Rome 3 April 2018 – 2nd FAO International Agroecology Symposium –
Agriculture, ecology, nature and biodiversity. The agricultural system at the basis of Silk production is taken as a first real, significant example of Agroecology* in the FAO 2030 Agenda.
The director general of FAO, José Graziano da Silva, addressing an audience of over 700 people including politicians, agroecology experts, scholars and representatives from governments, civil society, the private sector and UN agencies, introduced the three-day event with the following words: “We need to promote a transformative change in the way that we produce and consume food. We need to put forward sustainable systems and eco-systemic services that are resistant to climate change. Agroecology can offer several contributions to this transformation process…”.
The first topic submitted to the attention of the entire public, as a virtuous example of the application of agroecology requirements, was an economy linked to the cultivation of mulberry:
- Mulberry leaves are used to feed silkworms;
- The organic waste and residues of initial silkworm processing, which are rich in natural proteins, are used as feed and forage in aquaculture fish farms;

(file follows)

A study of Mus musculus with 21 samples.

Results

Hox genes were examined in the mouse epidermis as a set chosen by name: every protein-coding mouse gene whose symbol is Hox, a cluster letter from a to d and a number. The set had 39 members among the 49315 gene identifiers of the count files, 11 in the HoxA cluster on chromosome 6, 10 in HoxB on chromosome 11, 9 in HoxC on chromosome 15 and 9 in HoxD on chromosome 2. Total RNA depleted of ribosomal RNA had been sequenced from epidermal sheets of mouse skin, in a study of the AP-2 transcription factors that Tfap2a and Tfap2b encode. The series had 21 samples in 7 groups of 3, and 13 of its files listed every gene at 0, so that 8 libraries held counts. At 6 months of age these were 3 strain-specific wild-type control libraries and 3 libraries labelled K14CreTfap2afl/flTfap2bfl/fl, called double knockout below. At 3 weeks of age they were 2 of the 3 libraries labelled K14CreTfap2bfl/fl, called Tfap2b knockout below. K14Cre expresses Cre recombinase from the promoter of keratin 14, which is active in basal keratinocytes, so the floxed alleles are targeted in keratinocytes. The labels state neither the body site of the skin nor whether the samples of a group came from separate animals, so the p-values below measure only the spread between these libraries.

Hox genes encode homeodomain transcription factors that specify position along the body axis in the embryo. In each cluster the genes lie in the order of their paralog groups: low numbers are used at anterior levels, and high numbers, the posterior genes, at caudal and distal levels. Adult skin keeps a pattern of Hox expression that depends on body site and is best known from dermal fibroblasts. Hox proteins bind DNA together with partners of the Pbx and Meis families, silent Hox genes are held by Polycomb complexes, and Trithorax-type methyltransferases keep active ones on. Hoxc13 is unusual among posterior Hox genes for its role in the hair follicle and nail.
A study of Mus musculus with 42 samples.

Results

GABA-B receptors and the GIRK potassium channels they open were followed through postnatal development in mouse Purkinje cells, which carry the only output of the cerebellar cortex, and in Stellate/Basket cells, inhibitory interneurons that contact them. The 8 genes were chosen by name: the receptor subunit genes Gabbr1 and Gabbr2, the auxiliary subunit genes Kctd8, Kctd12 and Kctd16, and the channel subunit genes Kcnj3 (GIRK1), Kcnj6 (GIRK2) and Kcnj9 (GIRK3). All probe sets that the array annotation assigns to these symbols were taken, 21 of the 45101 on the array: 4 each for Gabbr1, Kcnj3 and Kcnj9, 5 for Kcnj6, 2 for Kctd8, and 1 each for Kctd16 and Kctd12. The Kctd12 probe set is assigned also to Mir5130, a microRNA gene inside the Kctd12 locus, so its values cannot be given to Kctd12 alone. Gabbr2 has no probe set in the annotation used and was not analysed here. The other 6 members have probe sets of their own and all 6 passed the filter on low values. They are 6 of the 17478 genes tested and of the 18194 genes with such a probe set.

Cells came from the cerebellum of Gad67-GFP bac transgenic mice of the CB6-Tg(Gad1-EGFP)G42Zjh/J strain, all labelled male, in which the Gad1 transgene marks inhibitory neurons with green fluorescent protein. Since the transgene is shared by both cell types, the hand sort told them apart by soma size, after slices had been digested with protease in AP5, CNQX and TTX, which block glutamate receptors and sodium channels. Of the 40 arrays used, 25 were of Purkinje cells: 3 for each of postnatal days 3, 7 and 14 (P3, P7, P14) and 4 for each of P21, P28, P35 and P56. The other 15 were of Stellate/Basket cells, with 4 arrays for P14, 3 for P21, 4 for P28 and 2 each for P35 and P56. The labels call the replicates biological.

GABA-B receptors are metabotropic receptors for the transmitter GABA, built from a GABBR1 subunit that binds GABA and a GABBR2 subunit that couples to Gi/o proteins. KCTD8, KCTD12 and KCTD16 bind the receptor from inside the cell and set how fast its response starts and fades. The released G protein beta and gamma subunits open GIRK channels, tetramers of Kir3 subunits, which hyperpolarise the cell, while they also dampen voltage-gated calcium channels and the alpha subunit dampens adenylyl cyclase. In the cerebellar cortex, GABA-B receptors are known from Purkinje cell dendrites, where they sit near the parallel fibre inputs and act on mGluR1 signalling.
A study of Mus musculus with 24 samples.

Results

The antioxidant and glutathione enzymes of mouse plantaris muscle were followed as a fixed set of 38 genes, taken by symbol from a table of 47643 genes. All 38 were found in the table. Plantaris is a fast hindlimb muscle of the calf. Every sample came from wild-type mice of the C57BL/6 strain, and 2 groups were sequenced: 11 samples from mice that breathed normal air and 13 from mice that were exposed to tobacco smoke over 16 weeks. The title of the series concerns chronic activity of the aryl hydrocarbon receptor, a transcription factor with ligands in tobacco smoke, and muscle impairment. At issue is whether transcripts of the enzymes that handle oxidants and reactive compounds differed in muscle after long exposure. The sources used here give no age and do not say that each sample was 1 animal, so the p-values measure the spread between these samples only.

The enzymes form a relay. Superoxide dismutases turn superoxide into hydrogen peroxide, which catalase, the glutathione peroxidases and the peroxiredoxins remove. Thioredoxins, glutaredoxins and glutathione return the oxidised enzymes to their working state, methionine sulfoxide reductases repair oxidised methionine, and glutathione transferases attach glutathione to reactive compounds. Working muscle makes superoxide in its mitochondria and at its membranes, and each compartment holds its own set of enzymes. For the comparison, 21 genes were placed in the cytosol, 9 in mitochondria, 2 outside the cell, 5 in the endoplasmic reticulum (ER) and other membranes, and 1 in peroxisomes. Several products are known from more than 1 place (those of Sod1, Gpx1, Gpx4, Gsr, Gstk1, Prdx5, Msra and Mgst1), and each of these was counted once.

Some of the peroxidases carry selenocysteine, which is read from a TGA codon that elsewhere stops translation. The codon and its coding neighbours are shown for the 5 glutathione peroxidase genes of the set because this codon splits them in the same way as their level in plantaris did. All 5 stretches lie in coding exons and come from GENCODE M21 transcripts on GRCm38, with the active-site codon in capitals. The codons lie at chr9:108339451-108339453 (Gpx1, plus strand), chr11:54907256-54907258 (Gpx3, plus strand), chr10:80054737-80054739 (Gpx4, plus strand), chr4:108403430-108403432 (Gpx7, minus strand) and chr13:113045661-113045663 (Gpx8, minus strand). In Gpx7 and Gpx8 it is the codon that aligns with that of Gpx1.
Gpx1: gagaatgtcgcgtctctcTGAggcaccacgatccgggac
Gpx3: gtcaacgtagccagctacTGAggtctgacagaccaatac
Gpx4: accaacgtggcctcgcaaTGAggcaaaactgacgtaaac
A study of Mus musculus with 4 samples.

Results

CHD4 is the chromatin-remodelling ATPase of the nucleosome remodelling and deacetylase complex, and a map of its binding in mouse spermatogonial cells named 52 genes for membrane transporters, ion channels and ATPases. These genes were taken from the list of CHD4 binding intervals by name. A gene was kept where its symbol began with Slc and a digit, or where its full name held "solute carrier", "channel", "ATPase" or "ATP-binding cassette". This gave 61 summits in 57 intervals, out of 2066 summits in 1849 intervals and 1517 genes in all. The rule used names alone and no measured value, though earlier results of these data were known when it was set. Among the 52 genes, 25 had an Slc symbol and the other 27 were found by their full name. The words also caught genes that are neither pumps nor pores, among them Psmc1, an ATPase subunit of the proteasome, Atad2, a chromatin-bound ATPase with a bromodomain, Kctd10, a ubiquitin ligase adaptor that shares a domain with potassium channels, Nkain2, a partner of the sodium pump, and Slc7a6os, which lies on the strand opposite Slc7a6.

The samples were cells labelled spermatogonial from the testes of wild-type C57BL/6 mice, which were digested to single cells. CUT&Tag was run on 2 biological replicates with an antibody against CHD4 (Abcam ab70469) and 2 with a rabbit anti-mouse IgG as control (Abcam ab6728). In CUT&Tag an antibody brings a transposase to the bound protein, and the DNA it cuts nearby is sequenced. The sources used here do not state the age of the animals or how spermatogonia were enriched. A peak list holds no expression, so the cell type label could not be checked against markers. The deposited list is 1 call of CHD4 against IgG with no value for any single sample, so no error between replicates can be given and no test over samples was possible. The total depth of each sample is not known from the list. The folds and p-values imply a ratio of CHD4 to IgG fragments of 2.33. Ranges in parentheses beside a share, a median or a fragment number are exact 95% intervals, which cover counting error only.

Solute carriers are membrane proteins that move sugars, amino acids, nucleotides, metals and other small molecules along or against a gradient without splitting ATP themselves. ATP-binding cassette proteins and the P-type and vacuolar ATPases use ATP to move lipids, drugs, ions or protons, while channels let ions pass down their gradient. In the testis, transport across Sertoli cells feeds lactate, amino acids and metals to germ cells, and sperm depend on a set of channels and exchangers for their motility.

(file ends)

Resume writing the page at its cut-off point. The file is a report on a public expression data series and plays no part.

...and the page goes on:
- The organic material in the ponds is then used as a fertiliser for cultivating the mulberry trees.
- Mulberry cultivation is an interesting alternative to non-optimal crops from the point of view of the natural resources used and the ecological and social impacts.
According to FAO, this vision represents the future of industrial agri-food activities regarded as activities that are able to safeguard natural resources and biodiversity and to promote the mitigation of climate change, while improving the responsiveness of small family-based farmers.
The term agroecology was created over 80 years ago. It refers to the analytical, comparative or experimental study of biological, ecological and social processes that influence agro-cultural systems (Altieri, 1991).
In our day and age, we speak of a scientific discipline, an agricultural practice, a social movement. An alternative agricultural development paradigm that promotes an agriculture that is more solid in ecological terms, bio-diversified, resilient, sustainable and socially just. A dialogue between traditional agricultural knowledge and modern agricultural science that uses environmentally friendly concepts and principles to design and manage sustainable agroecosystems in which external inputs are replaced by natural processes.